Yesterday, I sent my husband an Outlook invite to my 30th birthday dinner.
Then I quickly realized I have a problem.
This is my Outlook calendar.
Now I feel as if you have all, more or less, seen me naked. Every appointment, detail and scheduled event in my life is stored here. And I'm beginning to infiltrate my husband's calendar. A little organization never hurt anyone, right? It's good for him.
I know that on the surface, this seems mildly neurotic. But I can explain:
- I am hyper-organized. I'm pretty sure Ty and I will both remember when we're celebrating my 30th birthday. I don't think on that May date we'll be sitting around the house wondering, "Humm ... now what was it we were planning to do tonight? .... Aww, shucks! We completely forgot we were going to eat at the chef's table at the Mabry House tonight." I highly doubt that would happen. But doesn't such a notable event need to be officially recognized on my calendar? Indeed.
- I'm painfully forgetful. And I mean painfully. Just a few weeks ago, I asked one of our dear church friends when she was scheduled to have her baby. She'd had the baby two weeks prior, but since I hadn't seen the baby yet and it seemed soon to see the mom back at church and I'd been out of town for a week... it just didn't register in my pea-sized brain. See what I mean, painfully forgetful. Fortunately, I made the mistake with some very good humored people who have allowed me to grovel ever since. And, all in all, a valuable lesson was learned. All births should be marked on my Outlook calendar from now on.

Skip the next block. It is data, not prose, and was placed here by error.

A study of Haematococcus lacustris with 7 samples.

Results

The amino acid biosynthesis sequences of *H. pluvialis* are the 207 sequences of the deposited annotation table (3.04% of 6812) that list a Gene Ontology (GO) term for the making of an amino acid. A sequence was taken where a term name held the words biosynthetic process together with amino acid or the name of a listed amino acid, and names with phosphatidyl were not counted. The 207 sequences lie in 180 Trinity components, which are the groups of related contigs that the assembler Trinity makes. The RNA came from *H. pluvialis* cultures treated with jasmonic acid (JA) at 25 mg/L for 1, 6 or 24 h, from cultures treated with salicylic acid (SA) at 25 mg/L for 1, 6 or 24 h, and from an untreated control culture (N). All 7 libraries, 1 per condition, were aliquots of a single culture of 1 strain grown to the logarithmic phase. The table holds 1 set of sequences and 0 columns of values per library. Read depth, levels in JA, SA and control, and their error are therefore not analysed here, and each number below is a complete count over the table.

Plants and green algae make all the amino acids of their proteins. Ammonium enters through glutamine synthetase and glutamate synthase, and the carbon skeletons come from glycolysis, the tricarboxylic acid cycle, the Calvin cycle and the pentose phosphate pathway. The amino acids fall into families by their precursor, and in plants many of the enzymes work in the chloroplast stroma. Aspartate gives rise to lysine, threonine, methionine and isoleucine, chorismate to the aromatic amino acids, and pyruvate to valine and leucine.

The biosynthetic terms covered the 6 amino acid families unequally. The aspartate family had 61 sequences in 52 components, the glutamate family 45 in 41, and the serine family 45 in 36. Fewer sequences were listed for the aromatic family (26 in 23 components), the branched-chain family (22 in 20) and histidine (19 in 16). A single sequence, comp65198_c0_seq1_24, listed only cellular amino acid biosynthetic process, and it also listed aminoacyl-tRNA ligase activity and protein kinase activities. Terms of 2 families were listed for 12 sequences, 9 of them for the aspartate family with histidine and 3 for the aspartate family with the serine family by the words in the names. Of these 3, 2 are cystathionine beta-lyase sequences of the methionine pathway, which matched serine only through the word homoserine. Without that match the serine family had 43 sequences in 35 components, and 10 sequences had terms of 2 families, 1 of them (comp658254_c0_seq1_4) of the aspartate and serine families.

I explained that although it was tempting, no I don't. ... I have a separate calendar on my fridge for that. It was just a reminder that I was delivering dinner to our friends with newborn twins. I further explained that things can't just float around in my head. Things get lost there. Then I say stupid things. Things that require me to grovel for weeks on end.
So, forgive my neurosis, but I need my Outlook to do most of the day-to-day thinking on my behalf. And sometimes on Ty's behalf. It's better than the alternative. The painfully forgetful alternative.